Michael Rafferty is shown in this police handout photo released as court exhibits at Rafferty's trial in London, Ont., Wednesday, April 4, 2012. (The Canadian Press handout)

Careless mistakes were Rafferty's undoing Add to ...

Neighbours didn’t have a favourable impression of him: Some remembered him sitting in the driveway in his car, blasting heavy metal, or speeding down the street. Others said he had a temper, fighting often with his mother. Mr. Riddell was also frustrated by his stepson, who, he told The Globe in 2009, was a freeloader who spent his money on clothes and electronics rather than helping pay the bills.

But e-mails between the young man and his mother contain hints of a close relationship. In one exchange, in late 2007, the two frankly discussed a family member they suspected of cheating on her boyfriend and Mr. Rafferty was open about his own dalliances. “All of this doesn’t change even if u get older,” he wrote of infidelity. “The rules never change and I have had my fair share of … well … I’m somewhat of an expert … I have had many relations … anyways nuff said.”

The pair also shared drug connections, picking up pills for one another; one message suggested Ms. Murphy was taking painkillers for her back.

He wrote fondly of two uncles, whom he described as father figures.

During this time, Mr. Rafferty dated a parade of women, many of whom he met online. Some, he dated only briefly or slept with a couple of times. With others, however, he formed longer attachments, holding out the promise of a life together. One of these, a mother of five named Charity Spitzig, would later testify at trial that she began working as an escort and giving him the money. “It was pretty promising, exclusive,” she said of their relationship, which led her to hope for marriage and a family with him. But he met Ms. McClintic at a Woodstock pizza place on a February night in 2009. By her account, he was talking on his phone and didn’t seem to know where he was, so she interrupted his conversation to orient him. Describing her as a “hot little number,” he ended his call and offered her a lift home. Before the night was over, they’d had sex in his car.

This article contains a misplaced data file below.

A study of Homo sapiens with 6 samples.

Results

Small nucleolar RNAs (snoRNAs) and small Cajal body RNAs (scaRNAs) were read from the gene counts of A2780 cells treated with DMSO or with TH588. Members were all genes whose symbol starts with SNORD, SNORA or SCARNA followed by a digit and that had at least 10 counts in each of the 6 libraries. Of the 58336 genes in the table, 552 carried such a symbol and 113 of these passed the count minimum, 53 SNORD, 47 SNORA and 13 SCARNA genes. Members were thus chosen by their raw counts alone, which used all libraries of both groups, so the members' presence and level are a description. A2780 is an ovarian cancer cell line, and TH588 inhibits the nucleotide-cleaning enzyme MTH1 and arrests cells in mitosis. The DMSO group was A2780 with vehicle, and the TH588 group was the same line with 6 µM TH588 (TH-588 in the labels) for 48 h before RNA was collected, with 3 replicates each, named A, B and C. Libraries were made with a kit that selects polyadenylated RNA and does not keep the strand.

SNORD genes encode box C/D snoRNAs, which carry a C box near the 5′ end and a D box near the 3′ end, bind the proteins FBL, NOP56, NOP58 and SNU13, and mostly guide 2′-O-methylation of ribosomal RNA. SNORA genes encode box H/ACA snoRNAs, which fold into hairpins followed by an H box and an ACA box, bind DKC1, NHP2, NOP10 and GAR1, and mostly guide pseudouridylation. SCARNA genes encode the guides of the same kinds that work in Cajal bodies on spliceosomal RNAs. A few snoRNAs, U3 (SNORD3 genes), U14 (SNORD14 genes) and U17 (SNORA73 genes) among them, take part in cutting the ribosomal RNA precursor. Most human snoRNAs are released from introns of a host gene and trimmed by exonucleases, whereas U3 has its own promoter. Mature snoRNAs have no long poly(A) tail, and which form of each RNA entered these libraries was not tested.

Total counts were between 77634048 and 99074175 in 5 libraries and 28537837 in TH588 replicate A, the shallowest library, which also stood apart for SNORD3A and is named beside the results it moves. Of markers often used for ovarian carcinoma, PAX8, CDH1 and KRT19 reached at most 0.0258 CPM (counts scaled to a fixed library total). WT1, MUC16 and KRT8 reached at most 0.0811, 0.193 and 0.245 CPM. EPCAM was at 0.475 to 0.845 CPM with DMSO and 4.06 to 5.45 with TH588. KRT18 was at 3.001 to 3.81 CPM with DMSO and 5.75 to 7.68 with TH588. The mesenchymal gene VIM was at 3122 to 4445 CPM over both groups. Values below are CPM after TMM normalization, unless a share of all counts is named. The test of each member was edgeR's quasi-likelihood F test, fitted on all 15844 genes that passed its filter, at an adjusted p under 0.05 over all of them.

He wrote his number on the pizza box and, a few days later, showed up at her house to ask why she hadn’t called. From then on, he often called her when he wanted to buy OxyContin – she had the connections to Woodstock’s drug scene that he seemed to lack – and simultaneously romanced her.

She quickly warmed to him. “He said all the right things,” she would later tell his trial. “It felt pretty good.”

One night, after they saw a movie together and had sex in the empty theatre, he suggested they spend the night in a motel, saying he wanted to wake up next to her.

Ms. McClintic was then 18, a decade younger than Mr. Rafferty. She made little attempt to hide her tumultuous past. Given up at birth and raised by a former exotic dancer named Carol McClintic, she had moved often as a child and suffered physical abuse. She started taking drugs at the age of eight and got into fights that eventually landed her in prison. On one occasion, she punched her mother so hard it destroyed most of the sight in one eye; on another, she stabbed a man in a parking lot during a robbery attempt, then punched a police officer.

By the time she met Mr. Rafferty, she was living with her mother in a rundown Woodstock triplex, looking for work and injecting OxyContin several times a day.

If at first Mr. Rafferty had seemed a sunny charmer, Ms. McClintic testified, she quickly discovered his dark side. On one occasion, he pulled up to a house and described how it would be possible to break in and tie up the occupants. On another, he asked her what she thought of abducting someone.

They did just that on April 8, 2009.